Two Cents Tuesday: Children On The Bus

I want to start by saying: parenting is hard. Parenting is the goddamn hardest thing any human ever undertakes and I MEAN that. Parenting is not for the faint-hearted, and anyone who chooses to undertake it has my heartfelt admiration and respect. And I mean that too.

But ce soir, I got on the bus and nearly killed a woman and her two children. Because she was pissing. me. off.

And not because her children were noisy. Because they weren’t. The two children (who I discovered were called Hector and Alicia – because she bellowed it up the bus repeatedly) were beautifully behaved. Hector – Hector was three. Hector had a cold. Hector wanted to touch everything on the bus, but only when walking down the aisle to get off. The rest of the time he wanted to sit quietly and enjoy the scenery. Hector was a little angel, and does not deserve my ire.

Likewise, Alicia. She was quiet, mostly. She was interested in everything going on. She wanted to lick everything on the bus (which is how all the bus passengers got to learn about Hector’s cold), and did so. She was rambunctious, but she wasn’t….badly behaved.

But their mother? Their mother was a pain in the effing backside.

I got on the bus, to the sound of Hector & Alicia’s Mama saying “No, Alicia! No, stop that!” Alicia was casually swinging her drink about. The sippy bit briefly touched the seat. “Oh!” exclaims Mama. “Now it’s dirty!”

(Not really, lady, and I have a tendency towards paranoia over germs. Also, it’s good for us to ingest the odd bit of dirt or fluff or germs. Helps our immune systems.)

Anyway, the bus empties out at the city centre, and Mama and her two children are left at the back of the bus. Alicia asks something, and Mama loudly replies “No, you wanted to sit at the back, we’re not moving.”

This continues until the bus pulls away from the stop – Alicia is being…a two-year old, so she’s making a two-year-old’s amount of noise. That’s OK, that happens. But Mama is making enough noise for eight two-year-olds and since she’s clearly not sixteen? That’s not OK. And then. Then the golden moment happens.

Alicia stands up and Mama says “Either sit down, or you can get off this bus and walk home by yourself.”

She’s TWO. She’s a baby. She can’t walk home by herself – a fact that Mama immediately realises is an empty threat, and therefore, when Alicia replies, as small, testing-the-boundaries children do, “OK, get off bus,” there is a long, awkward pause. “Off you go then,” Mama says, as the moving bus turns a corner. “Can you find your way?”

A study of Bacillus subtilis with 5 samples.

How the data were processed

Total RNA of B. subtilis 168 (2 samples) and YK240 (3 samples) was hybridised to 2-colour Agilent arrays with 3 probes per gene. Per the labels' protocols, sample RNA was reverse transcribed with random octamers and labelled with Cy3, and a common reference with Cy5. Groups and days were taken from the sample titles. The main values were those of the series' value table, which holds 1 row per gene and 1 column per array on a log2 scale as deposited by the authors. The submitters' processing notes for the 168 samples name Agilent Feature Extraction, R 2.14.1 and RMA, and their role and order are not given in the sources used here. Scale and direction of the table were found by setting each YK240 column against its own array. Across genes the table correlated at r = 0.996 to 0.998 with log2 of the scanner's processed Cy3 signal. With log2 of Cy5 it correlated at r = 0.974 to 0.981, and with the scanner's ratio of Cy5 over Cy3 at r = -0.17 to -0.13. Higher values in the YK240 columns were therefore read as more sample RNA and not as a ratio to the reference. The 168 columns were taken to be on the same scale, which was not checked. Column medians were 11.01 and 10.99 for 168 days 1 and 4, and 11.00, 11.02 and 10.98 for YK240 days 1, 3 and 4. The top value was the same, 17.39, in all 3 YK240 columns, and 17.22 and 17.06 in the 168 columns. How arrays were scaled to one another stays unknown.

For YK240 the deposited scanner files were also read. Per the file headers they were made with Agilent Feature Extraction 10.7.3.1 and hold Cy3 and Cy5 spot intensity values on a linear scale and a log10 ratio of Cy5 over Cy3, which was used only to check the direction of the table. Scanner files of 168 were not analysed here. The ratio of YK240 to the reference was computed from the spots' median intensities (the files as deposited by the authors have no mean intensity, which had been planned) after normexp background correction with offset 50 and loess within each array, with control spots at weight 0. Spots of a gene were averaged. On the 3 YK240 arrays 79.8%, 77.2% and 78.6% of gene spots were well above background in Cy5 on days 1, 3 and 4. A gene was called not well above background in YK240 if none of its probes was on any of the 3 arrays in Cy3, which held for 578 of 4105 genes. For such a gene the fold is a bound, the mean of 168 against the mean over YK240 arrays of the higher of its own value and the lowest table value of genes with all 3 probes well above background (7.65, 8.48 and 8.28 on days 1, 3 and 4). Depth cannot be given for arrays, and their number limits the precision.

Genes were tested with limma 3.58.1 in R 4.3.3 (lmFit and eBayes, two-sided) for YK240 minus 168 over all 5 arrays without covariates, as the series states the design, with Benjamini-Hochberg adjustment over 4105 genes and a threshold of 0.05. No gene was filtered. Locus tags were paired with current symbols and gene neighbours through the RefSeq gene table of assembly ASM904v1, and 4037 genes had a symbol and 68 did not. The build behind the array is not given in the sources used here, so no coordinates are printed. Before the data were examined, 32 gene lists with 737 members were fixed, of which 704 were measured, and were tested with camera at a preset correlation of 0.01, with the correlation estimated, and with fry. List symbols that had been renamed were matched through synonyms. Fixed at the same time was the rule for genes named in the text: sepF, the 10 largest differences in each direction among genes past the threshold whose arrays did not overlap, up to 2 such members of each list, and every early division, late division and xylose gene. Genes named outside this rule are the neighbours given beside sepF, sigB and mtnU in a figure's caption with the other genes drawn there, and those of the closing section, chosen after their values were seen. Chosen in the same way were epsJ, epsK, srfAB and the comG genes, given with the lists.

Alicia looks confused. “No?”

“Ha! See! YOU NEED ME!” Mama cries triumphantly, and a million future psychotherapists just punched the air.

A minute or two later, Mama tells Hector loudly and forcefully, “You stay there, Hector.” She and Alicia trot down the aisle and sit in the seats in front of me. Alicia – happy now she’s svengali’d her mother into bending to her (admirably steely) will – sits down. Immediately, Mama starts fussing, trying to get her to sit straight, unfold her legs…and so on. Alicia wriggles from her grasp, stands up on the chair and starts licking the window. She then turns around and starts licking the handle on the top of her chair…which is millimetres from me. I can feel her gaze resting upon me, and with no small amount of haste, I move. Because I’ve assessed her modus operandi, and I will not be next in line for a toddler licking.

Mama, meanwhile, has turned awkwardly in her seat to bellow back up the bus, “Hector! Are you alright?” [Hector’s fine. Hector’s suffering teenage mortification from his embarrassing mother. He is, I remind you, three.]

The bus judders around the corner, and Alicia topples over. She wails, loudly. Mama laughs. “Oh, you’re not hurt! Silly girl!” She turns back towards the rear of the bus and yells, “Hector? Are you alright?”

Mama realises she’s coming up to her stop. “Stay there,” she says sternly to Alicia, who promptly ignores her and starts larking about behind Mama’s back. Mama, meanwhile, has stood up and retrieved her pushchair from the luggage rack. She gathers up Alicia, and straps her in – Alicia immediately calms down. Mama shouts up the bus, “Come on, Hector!” and begins to get off the bus, as it pulls up to the stop. Hector, bless his adorable little heart, quietly gets up from his seat, and trots down the bus, offering a quiet Thank You to the bus driver. Mama pushes the pushchair containing a quiet and biddable Alicia off the bus and calls out, “COME ON, HECTOR!” Because his tiny wee legs aren’t going fast enough for Mama.

I realise this hasn’t been much of an opinion so far, although I think we’ve all ascertained my true feelings towards Mama. So here it is, my final opinion:

Mama, your kids were fine. They weren’t misbehaving, noisy or unpleasant. The licking was unfortunate, but easily avoided. What was noisy, unpleasant and unfortunate…was you. You made everything about you. You failed to enforce your attempts at discipline (because you made an outlandish threat that you could never follow through on) and ignored the ways your children were behaving well. Count your blessings, lady, and stop shouting up the bus like a fishwife on crack.